22 April 2015

An ID For Her True Self

Every trans person I've known who began living in her or his true gender as an adult wished that she or he could have so lived as a child and as a teenager.  And each one of us has some thing or another we wish we could have done, or had, during those years.

Some of them are major, such as, well, getting to live in our true genders--or, more specifically, having relationships with family members and friends as the people we truly are.  Then there are those seemingly-trivial things that could have added to the quality of our lives.

Throughout my childhood and teen years--in fact, through most of my life--I hated to be photographed. I'm still not crazy about having my picture taken now because, well, I'm not terribly photogenic, to put it mildly. But in my earlier years, I felt that every photo of me was a lie, a deception, because it was an image of what I was supposed to be rather than of who I was.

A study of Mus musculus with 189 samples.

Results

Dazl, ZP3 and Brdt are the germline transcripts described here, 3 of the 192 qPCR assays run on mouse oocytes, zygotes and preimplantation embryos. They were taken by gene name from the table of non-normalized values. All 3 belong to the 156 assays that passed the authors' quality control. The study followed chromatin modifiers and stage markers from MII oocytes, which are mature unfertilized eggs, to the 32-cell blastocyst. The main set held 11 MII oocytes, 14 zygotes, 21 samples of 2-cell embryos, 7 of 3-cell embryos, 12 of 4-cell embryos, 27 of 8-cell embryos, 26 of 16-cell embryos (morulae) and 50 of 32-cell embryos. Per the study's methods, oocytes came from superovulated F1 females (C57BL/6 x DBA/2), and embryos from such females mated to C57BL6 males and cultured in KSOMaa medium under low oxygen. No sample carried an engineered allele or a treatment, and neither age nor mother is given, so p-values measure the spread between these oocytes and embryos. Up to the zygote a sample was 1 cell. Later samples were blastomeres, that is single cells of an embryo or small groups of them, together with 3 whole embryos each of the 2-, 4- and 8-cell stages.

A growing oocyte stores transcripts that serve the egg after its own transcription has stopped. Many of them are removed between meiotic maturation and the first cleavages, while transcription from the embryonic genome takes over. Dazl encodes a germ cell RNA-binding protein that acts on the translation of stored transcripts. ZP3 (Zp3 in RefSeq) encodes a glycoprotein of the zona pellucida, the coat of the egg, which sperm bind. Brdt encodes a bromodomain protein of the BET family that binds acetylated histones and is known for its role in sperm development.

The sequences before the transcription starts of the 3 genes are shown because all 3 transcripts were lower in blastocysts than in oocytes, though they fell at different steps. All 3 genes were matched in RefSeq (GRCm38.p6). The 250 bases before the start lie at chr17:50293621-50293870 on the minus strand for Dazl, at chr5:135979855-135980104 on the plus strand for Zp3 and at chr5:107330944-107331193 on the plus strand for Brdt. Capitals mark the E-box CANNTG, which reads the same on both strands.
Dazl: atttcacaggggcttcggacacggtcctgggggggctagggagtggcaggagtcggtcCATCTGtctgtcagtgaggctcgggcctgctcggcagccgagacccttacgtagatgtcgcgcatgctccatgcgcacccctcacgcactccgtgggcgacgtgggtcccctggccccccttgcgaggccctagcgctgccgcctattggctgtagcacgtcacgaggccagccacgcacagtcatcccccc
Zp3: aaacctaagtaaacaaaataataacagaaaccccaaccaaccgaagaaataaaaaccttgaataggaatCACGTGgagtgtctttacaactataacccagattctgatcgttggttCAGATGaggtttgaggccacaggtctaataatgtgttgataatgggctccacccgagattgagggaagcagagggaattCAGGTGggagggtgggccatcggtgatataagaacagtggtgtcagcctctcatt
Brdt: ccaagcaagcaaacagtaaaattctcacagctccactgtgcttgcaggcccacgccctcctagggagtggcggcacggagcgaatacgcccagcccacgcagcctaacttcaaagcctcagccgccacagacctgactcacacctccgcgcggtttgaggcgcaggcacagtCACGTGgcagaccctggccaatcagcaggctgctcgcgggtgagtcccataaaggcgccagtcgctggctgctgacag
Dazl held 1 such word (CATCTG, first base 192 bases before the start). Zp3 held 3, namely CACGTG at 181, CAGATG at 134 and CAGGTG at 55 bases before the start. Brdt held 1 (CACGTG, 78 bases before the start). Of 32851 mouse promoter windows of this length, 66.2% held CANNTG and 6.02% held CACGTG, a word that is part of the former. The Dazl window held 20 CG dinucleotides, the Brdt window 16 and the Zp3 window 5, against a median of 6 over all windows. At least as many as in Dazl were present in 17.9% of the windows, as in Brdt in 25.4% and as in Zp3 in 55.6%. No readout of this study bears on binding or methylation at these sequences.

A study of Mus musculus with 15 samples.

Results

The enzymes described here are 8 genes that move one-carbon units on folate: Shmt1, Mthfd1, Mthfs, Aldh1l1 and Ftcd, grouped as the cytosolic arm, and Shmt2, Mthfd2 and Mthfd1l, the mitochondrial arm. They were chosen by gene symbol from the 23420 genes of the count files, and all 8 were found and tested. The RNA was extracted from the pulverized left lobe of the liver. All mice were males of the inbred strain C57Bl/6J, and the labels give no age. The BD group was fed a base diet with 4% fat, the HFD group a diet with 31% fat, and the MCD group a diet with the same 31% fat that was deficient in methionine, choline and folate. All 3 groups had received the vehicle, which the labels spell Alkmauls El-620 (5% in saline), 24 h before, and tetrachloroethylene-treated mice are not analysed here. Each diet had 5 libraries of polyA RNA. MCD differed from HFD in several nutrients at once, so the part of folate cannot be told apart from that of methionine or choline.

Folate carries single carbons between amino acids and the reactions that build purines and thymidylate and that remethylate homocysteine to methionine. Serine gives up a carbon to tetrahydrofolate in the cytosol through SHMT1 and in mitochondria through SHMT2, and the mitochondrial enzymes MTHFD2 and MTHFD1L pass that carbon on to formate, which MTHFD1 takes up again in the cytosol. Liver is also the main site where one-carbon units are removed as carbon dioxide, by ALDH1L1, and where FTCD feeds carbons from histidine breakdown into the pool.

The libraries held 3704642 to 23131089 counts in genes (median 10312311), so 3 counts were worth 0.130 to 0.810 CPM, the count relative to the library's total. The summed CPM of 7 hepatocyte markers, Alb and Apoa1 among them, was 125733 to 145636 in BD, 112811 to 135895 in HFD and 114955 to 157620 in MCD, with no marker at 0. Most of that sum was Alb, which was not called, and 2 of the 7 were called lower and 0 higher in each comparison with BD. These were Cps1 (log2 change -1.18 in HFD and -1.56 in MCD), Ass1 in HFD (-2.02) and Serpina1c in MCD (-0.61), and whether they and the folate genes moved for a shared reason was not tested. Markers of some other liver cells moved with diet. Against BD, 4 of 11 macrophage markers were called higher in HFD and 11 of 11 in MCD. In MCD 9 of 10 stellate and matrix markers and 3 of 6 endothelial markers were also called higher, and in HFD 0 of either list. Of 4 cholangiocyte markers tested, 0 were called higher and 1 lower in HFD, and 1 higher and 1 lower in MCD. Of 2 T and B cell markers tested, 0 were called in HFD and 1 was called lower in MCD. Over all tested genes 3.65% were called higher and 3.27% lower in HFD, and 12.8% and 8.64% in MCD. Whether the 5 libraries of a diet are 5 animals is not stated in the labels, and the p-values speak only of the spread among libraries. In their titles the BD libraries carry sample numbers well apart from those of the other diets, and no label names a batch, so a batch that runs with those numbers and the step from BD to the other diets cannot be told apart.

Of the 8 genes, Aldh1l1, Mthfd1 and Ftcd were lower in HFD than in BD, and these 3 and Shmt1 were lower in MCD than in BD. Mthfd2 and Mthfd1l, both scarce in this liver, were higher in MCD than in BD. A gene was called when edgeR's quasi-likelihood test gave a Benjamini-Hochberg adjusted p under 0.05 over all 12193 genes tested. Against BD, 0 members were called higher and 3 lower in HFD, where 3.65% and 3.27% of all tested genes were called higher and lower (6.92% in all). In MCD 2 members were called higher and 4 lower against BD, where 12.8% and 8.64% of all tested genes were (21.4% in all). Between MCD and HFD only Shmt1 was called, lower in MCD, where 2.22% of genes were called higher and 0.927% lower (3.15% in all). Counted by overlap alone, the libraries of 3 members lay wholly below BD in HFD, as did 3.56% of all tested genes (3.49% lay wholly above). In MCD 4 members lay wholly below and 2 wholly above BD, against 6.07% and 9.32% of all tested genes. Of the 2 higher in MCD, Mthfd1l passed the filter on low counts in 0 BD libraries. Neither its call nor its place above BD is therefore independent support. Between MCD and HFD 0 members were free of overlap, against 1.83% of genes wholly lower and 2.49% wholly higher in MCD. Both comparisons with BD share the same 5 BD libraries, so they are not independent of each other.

Of course, everyone jokes about how terrible their ID photos are.  Some actually believe that the Department of Motor Vehicles requires their employees to be on psychosis-inducing medication before taking photos for drivers' licenses.  But those of us who wanted to live as the people we were--and tried to seize moments of doing so by "cross dressing"--knew that having the kinds of IDs we had, in essence, forced us to be the people depicted in them.

Chase Culpepper understands what I've just described.  The 17-year-old South Carolinan was forced to dress male for the drivers' license photo, even though she identifies as female.  The Transgender Legal Defense and Education fund filed a suit on her behalf.  As a result, a settlement--announced this morning--will allow her to wear female clothes and makeup for the first major piece of identification many young people receive--and the one some regard as a passport to adulthood. And now she gets to be a Southern Belle!